Bond Matriarch 2002
Bordeaux Red Blends from Napa Valley, California
Rigorous selection is employed at every stage of this wine's development. Many components, though singularly attractive and possessing lavish attributes, are not utilized in the final blends for Bond. This provides us the opportunity to create a second wine. This blend, offered under the Matriarch label, will always be evocative of its pedigree and distinct in its hillside character.
Wine Enthusiast - "This is the second label of Bond, a blend of various vineyards. As such, it's one of the best buys in the Harlan stable, retaining the lyrical balance of all its wines. Superrich in chocolate and cassis flavors, the wine is distinguished and refined despite its size. Hard to exaggerrate the richness and beauty of this classic claret."
Vinous / Antonio Galloni - "Good full medium ruby. Dark plum, truffle and buttery oak on the nose. Suave and fine-grained, with enticing flavors of plum and black raspberry. A plump, sexy wine with a long, slow-building finish featuring very fine tannins. This shows a firmer structure than the very good 2001. In fact, this seems more refined, as well as more of a real wine rather than simply a blend made up of declassified fruit, than previous vintages of The Matriarch."
The Wine Advocate - "Bob Levy refers to the Matriarch Proprietary Red as "our elegant leftovers," a four vineyard blend of juice that did not make the cut for the top wines. Nevertheless, it is a beautiful effort. Sweet black cherry and cedarwood aromas emerge from the medium-bodied 2002 Matriarch Proprietary Red. With a soft, supple texture and an evolved, upfront style, it is ideal for drinking over the next decade. Restaurants as well as consumers who are incapable of deferring their gratification should buy this one by the case."
About Napa Valley
It's hard not to think of Napa Valley when thinking of California wines. The region is, after all, the one that brought world recognition to California wine making. The area was settled by a few choice wine families in the 1960's who bet that the wines of the area would grow and flourish. They were right. The Napa wine industry really took off in the 1980's, when vineyard lands were scooped up and vines were planted throughout the county. A number of wineries emerged, from large conglomerates to small boutiques to cult classics. Cabernet Sauvignon is definitely the grape of choice here, with many winemakers also focusing on Bordeaux Blends. Whites are usually Chardonnay and Sauvignon Blanc.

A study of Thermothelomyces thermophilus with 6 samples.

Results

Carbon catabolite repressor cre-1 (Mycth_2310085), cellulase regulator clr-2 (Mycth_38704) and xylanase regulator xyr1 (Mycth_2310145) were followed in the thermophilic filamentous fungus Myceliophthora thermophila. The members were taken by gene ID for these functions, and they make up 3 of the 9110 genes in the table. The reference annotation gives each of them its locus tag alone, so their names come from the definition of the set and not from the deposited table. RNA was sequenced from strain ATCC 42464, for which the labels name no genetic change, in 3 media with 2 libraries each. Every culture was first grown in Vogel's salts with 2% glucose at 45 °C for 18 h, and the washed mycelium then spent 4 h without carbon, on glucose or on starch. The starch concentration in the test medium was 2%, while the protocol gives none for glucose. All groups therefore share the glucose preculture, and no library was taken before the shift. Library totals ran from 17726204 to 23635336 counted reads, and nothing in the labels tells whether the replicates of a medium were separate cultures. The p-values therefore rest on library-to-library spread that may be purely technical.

Notable FactsWithin the Napa Valley lie smaller sub-AVAs that lend even more character specifics to the wines. Furthest south is Carneros, followed by Yountville, Oakville & Rutherford. Above those two is St.-Helena and finally, just granted an AVA, Calistoga. These areas are situated on the valley floor and are known for creating rich, smooth Cabernet Sauvignon, Merlot and Chardonnay. There are a few mountain regions as well, nestled on the slopes overlooking the valley AVAs. Those include Howell Mountain, Stags Leap and Mount Veeder. Wines from the mountain regions are often more structured and firm, benefiting from more time in the bottle to evolve and soften.
About CaliforniaIt's not rare to see a wine's country of origin listed as "California." A country into itself in the wine world, California makes enough varieties and styles to match many European wine countries. It produces a diverse range of wines that span the quality spectrum.
The most famous of the California wine regions is Napa Valley, and these wines are certainly outstanding – but it's not as broad and diverse as its larger neighbor, Sonoma County. Down south, Santa Barbara's Santa Maria Valley is well-known for its Rhône blends, as well as cool-climate varieties like Pinot and Chardonnay. The Central Coast, the largest California AVA, has many different microclimates that lead to a wide range of wines with many sub-AVAs.